Looking-back at Look-in
Brian Slade remembers the golden era of television comic strips and programme features for youngsters
In the days before the internet and satellite television, it was hard work to be a teenager trying to follow your favourite television stars. Your chosen show would appear, you watched it at the advertised time (or missed it until a repeat, within the year if you were lucky), and then that was that – no fan sites, no Youtube reviews…the best you could hope for of your teen idols was the occasional appearance on Noel Edmonds’ Multi-coloured Swap Shop, taking a few phone calls and plucking competition postcards sent in to good old London W12 8QT. But one iconic magazine kept a teenager’s thirst for celebrities going – Look-in.
Look-in first arrived on shelves in early 1971, with its sub-heading of ‘Junior TV Times.’ And in a way, it was. Its parent magazine was about television schedules, but also offered insight into the shows it had on offer and interviews with its stars. And of course, these were the days when ITV and BBC jostled for viewing figures as the only two players on the field, so listings magazines didn’t detail what ‘the other’ had to offer.
The creators behind Look-in nailed it as far as understanding their audience dynamic. They knew what kids were interested in – fun, adventure, cars, comics – and they made sure they had all bases covered. They carried the commercial television schedules, but so much more. At the core was comic strips. For those who wanted their fix of comic action, early editions carried a number of comic strips based on shows running on the commercial network at the time. There was Crowther in Trouble, showing the misadventures of comedian Leslie Crowther, to be seen in his own sketch show at the time The Leslie Crowther Show, along with a strip on the high jinks of the gang from school-based sitcom Please Sir! There were also strips on Freewheelers, a younger variation of action-spy dramas, and Timeslip, ITV’s attempt to have time-travelling adventures of their own.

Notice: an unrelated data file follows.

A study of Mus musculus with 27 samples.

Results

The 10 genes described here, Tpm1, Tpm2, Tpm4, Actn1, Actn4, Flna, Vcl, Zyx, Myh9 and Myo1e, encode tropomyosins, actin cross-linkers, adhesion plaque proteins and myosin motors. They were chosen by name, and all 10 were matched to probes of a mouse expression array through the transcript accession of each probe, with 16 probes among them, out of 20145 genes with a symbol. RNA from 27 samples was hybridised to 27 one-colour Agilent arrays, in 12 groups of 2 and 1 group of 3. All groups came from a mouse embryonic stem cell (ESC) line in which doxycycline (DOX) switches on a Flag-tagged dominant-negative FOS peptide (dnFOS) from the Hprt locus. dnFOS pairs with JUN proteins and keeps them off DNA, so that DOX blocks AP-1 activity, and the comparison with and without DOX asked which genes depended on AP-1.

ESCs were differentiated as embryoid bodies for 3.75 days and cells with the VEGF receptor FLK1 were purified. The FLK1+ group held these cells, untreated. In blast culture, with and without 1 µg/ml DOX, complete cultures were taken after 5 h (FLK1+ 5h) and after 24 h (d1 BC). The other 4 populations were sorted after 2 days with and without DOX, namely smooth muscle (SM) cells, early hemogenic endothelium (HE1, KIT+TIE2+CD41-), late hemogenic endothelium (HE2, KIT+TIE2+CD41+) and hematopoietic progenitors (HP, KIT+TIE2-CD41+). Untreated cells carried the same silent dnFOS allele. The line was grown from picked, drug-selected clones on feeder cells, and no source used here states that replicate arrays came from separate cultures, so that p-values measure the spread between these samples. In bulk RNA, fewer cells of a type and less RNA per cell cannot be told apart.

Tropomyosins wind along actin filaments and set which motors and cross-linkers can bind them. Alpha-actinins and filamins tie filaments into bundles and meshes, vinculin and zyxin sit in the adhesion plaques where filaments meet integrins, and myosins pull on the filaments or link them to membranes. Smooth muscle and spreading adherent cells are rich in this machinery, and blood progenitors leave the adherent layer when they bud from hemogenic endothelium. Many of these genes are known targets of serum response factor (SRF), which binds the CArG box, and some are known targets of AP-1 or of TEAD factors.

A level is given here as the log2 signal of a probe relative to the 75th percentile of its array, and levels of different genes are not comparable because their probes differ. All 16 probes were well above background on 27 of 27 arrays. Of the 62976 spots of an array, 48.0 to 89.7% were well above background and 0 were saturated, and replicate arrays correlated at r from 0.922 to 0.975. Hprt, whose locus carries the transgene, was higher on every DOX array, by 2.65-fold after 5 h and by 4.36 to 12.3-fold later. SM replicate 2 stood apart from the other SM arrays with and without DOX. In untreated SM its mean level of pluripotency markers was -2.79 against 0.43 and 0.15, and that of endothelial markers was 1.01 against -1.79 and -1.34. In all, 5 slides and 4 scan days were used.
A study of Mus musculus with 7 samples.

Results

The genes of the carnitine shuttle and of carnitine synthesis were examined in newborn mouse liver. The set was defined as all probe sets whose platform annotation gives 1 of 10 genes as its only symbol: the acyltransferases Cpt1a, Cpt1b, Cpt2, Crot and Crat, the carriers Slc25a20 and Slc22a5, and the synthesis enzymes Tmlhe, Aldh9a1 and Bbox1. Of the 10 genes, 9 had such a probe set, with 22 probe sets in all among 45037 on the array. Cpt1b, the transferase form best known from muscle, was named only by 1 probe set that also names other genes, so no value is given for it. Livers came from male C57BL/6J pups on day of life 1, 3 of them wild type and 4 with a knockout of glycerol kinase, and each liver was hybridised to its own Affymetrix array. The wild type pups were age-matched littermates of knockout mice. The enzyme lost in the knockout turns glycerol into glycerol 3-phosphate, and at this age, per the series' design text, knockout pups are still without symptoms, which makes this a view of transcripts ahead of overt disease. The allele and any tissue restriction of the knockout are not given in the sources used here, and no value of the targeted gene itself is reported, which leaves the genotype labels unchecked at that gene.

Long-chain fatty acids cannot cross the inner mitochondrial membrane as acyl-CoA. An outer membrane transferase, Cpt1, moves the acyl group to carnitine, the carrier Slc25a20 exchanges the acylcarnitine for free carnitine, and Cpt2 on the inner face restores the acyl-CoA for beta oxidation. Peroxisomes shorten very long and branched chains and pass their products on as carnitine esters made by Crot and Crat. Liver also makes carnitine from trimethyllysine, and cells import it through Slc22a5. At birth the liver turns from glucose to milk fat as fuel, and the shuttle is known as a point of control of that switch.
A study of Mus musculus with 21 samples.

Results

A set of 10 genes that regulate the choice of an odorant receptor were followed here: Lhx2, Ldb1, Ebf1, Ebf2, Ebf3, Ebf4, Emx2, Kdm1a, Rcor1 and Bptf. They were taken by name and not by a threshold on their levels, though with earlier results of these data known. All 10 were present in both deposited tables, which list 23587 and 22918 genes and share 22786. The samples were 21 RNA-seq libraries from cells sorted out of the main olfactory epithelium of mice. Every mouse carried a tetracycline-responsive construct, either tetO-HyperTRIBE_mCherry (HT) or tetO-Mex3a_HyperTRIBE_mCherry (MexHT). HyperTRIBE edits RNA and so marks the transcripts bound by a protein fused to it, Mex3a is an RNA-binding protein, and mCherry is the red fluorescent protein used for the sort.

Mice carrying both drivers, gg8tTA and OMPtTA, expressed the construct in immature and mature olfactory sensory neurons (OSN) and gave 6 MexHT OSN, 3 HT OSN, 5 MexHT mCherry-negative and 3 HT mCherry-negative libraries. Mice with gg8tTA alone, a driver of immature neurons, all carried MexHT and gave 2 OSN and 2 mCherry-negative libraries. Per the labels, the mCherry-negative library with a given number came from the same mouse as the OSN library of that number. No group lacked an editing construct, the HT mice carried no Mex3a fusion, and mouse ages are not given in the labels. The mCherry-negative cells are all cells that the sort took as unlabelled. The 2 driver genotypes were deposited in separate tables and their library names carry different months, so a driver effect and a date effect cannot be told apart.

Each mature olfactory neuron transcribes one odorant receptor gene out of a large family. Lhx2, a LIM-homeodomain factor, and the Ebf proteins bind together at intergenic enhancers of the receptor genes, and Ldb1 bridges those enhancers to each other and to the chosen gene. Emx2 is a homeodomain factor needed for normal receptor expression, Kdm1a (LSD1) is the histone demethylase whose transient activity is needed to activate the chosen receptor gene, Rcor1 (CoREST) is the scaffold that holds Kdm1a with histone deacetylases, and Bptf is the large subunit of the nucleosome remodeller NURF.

Not long after Look-in’s debut, their covers famously changed. Each week had previously shown photos of movies, shows or stars contained within their features, but in the autumn of 1971, they replaced the photos with artwork by artist Arnaldo Putzu. His talents at cinema posters of the previous decades were put to perfect use as he painted cover artwork normally showing a caricature of some of the most famous stars of the time, or a more serious combination of profile shots alongside simulated actions stills. Putzu’s artwork became almost as iconic as the magazine itself.
Although billed as a television guide for the younger generation, movies and television didn’t get exclusive use of the pages. Music and sport were there too, though always with a slant towards ITV programming, thereby granting pages for the likes of Brian Moore and Iain St John for On the Ball features. And of course, while ITV couldn’t compete on screen with Top of the Pops, they could appeal to the youngsters with two-page poster pull-outs of their favourite music stars of the day.
Sprinkle in some obligatory educational elements, along with competitions to win anything from vinyl albums to portable televisions and the kids of the magazine’s golden years were well catered for. And of course, the magazine didn’t stand still. The comic strips changed with the programme schedules, so on-screen successes such as On The Buses, Bless This House, Benny Hill and Mind Your Language got their moments of glory in cartoon format – unthinkable now given the modern take on some of the shows’ contents!
Look-in did its best to stay current. Racier American shows began to dominate the pages as the 1980s arrived and they got the same comic strip treatment. Their arrival however, coincided with the end of the artistry of the front covers, replaced by bog-standard publicity photos of bands and programmes. The gentle innocence of painted Muppets was replaced by action stills from the likes of Knight Rider, The Fall Guy and The A-Team.
Perhaps inevitably, Look-in was doomed to fall by the wayside. In reality, it was competing on too many fronts. Trying to keep cartoon strip fans happy meant competing with established British comics like Beano and Dandy or taking on the might of imported Marvel and DC publications. Who wants comic strips of Bros and Bucks Fizz when Batman is battling in the shadows with the Joker?
Meanwhile, edgier magazines devoted entirely to music or sport, like Smash Hits and Shoot were too much competition, and with television itself changing on a regular basis, Look-in checked out in 1994.
At its height, Look-in had been compulsive reading for kids, and its annuals were as much a part of kids’ Christmases as mince pies and updated copies of the Guinness Book of Records. The thirst for nostalgia for a simpler time will always remember the shows of the 1970s and 1980s, but behind them all, Look-in magazine was helping bang the ITV drum for kids and teenagers throughout many people’s entire childhoods…and that’s quite a legacy for this unforgettable publication to have left us.